Curved LCD could be used for displays in contact lenses
New research conducted at Ghent University, Belgium, has resulted in the development of a curved LCD display which can be integrated within a contact lens. While still in its infancy, the project lays the foundation for future fully-pixelated contact lens displays which could be used for both medical and cosmetic purposes, in addition to a heads-up-display (HUD) further into the future.
In contrast with existing LED-based contact lens displays that can only show a few pixels, the LCD contact lens allows the entire display surface to be used, and thus more pixels are available than before, enabling a greater flexibility of pixel sizes. However, manufacturing such a small, flexible display also posed significant challenges.
“Normally, flexible displays using liquid crystal cells are not designed to be formed into a new shape, especially not a spherical one,” explained Jelle De Smet, the main researcher on the project. “Thus, the main challenge was to create a very thin, spherically curved substrate with active layers that could withstand the extreme molding processes. Moreover, since we had to use very thin polymer films, their influence on the smoothness of the display had to be studied in detail. By using new kinds of conductive polymers and integrating them into a smooth spherical cell, we were able to fabricate a new LCD-based contact lens display.”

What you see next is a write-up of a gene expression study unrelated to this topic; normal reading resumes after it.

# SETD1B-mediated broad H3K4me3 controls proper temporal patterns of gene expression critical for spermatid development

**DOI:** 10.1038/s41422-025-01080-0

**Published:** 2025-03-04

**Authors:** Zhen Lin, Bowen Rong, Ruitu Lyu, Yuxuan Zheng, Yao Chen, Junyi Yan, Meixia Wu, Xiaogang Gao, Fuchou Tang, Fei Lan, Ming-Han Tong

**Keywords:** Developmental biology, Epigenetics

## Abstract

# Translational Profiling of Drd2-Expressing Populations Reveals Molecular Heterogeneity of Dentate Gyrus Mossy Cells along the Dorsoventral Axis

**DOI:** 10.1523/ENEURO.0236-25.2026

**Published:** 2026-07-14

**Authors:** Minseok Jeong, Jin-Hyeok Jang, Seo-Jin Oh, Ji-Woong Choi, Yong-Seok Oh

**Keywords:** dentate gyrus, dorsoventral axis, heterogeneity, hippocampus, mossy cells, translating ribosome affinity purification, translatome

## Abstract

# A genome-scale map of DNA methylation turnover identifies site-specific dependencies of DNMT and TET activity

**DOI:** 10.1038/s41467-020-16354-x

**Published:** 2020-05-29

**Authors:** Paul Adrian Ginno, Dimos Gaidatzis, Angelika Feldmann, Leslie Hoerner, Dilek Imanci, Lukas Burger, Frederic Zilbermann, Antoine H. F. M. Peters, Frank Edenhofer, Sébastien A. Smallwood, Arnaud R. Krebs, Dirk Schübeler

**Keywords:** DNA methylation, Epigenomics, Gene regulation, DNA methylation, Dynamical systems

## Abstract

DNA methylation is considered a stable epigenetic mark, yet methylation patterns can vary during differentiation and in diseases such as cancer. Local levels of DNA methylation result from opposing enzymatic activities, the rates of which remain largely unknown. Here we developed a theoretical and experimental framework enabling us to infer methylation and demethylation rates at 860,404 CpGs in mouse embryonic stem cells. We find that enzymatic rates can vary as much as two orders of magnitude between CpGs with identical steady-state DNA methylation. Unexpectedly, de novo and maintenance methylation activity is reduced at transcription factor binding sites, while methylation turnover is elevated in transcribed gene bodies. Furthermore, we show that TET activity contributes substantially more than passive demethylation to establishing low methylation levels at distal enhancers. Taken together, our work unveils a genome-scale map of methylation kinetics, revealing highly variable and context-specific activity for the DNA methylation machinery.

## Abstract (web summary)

The researchers posit that the display could be used as a method of controlling the light which reaches a damaged iris, in addition to cosmetic purposes, such as a contact lens which allows the wearer to change eye color on a whim, or an adaptive replacement to sunglasses. “Spherical curve” refers to the specific curve form that this lens, like many other contact lenses, describes.
Perhaps most interestingly, subsequent iterations of the technology could eventually be tasked to superimpose an image onto the user’s normal view, in a way which sounds somewhat similar to Google’s Project Glass, but without the cumbersome headgear.
At present, the prototype lens can only display relatively simple patterns – the demonstration involved a dollar sign being displayed in the lens. But in the next few years, the researchers imagine fully autonomous contact lenses which feature the technology to be brought to market.
The new display was produced at the Centre of Microsystems Technology (CMST), the associated laboratory of Interuniversity Microelectronics Centre (IMEC), at Ghent University.
The video below shows off the new contact lens display with the aforementioned dollar sign example graphic.